New poll shows Crist with big lead
He celebrates his 50th birthday and gets his mentor’s endorsement during a busy day in St. Petersburg.
By STEVE BOUSQUET
Published July 24, 2006
ST. PETERSBURG — As a new poll showed him with an overwhelming lead in the Republican primary for governor, Attorney General Charlie Crist on Monday touted the support of his political mentor, former U.S. Sen. Connie Mack.
The poll, by Mason-Dixon Opinion Research for Florida newspapers and TV stations, shows Crist with a lead of 55 percent to 24 percent over his GOP rival, Chief Financial Officer Tom Gallagher, according to WESH.com, the Web site of one of the TV stations. The statewide primary is six weeks from today, on Sept. 5, but early voting will begin across the state on Aug. 21.
“It kind of blows your mind,” Crist said, as he announced the poll results at a fundraising event Monday night on St. Pete Beach.
Crist worked as a volunteer in Mack’s first Senate campaign in 1988, and Mack rewarded Crist with a job as state director, responsible for overseeing six branch Senate offices. The two men also led an effort to use the federal antitrust laws to encourage Major League Baseball to add expansion teams in Florida.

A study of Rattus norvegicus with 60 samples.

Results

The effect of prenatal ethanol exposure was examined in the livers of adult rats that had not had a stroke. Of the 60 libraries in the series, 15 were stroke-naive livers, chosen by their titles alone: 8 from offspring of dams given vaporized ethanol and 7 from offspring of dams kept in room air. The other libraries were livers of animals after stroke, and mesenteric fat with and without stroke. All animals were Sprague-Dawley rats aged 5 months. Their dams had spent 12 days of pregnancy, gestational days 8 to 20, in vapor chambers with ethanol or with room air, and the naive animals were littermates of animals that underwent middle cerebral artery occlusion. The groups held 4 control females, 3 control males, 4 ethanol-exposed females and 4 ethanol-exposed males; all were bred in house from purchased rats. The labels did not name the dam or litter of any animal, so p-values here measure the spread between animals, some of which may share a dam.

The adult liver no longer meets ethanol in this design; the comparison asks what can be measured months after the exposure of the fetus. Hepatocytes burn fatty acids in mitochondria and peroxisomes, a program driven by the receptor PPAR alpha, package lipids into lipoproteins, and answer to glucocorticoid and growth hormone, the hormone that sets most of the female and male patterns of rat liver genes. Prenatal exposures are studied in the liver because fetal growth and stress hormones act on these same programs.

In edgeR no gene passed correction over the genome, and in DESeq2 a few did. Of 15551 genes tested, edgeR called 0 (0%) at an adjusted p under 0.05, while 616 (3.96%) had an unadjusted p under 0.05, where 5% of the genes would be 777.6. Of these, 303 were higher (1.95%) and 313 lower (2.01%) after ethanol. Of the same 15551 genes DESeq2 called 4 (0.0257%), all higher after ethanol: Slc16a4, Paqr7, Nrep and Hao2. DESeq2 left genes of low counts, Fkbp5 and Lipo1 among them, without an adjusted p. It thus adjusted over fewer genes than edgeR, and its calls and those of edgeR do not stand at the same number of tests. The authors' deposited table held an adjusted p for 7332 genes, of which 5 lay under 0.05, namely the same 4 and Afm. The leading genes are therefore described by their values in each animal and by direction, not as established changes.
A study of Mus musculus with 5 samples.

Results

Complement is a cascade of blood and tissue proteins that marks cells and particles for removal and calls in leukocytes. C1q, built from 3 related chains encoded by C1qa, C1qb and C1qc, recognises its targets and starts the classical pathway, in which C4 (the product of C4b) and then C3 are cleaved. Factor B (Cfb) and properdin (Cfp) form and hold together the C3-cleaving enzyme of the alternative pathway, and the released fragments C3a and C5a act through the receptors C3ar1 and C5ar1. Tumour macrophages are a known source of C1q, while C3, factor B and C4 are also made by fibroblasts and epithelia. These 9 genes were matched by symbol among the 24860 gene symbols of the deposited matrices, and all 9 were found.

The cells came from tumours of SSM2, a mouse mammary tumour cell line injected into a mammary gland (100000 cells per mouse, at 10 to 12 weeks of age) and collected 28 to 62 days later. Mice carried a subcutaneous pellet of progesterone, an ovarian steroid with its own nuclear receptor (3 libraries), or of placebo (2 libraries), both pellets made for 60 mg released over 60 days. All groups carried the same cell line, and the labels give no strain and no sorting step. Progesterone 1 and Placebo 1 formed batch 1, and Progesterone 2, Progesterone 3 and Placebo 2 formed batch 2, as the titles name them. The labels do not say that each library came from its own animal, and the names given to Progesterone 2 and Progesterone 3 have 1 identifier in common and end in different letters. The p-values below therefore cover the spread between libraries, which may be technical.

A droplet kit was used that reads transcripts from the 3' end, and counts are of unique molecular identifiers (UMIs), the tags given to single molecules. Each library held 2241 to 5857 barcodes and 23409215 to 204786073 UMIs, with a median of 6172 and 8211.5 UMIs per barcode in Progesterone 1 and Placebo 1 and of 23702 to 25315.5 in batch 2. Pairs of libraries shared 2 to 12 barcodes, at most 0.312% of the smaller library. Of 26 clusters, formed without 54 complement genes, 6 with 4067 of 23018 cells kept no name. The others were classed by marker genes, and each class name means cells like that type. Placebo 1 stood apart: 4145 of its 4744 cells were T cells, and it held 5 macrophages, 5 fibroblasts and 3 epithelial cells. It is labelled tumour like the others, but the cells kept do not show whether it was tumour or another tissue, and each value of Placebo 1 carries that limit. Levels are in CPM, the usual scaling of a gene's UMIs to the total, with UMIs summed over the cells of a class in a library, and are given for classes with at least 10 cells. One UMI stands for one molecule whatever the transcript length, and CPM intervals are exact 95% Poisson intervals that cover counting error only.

Mack served two terms in the Senate from 1988-2000 and was enormously popular among conservatives.
His ’88 campaign slogan of “less taxes, less spending, less government and more freedom’’ is often repeated by Crist, and his support of Crist is part of an effort to blunt Gallagher’s claims that he is the more conservative Republican candidate.
“It was not just a friendship,” Mack said. “The things I believe in, Charlie believes in.”
Gallagher answered the Mack endorsement Monday with an endorsement of his own from state Sen. Charlie Clary, a Destin Republican, and from a statewide group of doctors.
Crist won the support over the weekend of the Florida Medical Association, the physicians’ statewide lobby group.
With Mack alongside, Crist went back-to-school shopping for tax-free supplies with a St. Petersburg family Monday.
He later celebrated his 50th birthday with a campaign fundraiser at the Sirata Beach Resort in St. Pete Beach.
Crist also met with the editorial board of the St. Petersburg Times, where he voiced support for a nationwide catastrophe fund to handle insurance claims, higher teacher salaries, the voter-approved class size amendment and embryonic stem cell research.
One reason he favors expanded stem cell research, Crist said, is that his father, Charles Crist Sr., a family doctor, suffers from macular degeneration, a condition that can lead to blindless.
Gallagher opposes the class size amendment and expanded stem cell research — stands that he has said prove that he is the true conservative in the race. Crist described Gallagher’s philosophy as a “recent switch” from his moderate past and noted that Gallagher ran against Jeb Bush in his first campaign in 1994.
“I never ran against Jeb Bush. That’s fairly telling, I think,” Crist said.
Steve Bousquet is at firstname.lastname@example.org or (850) 224-7263.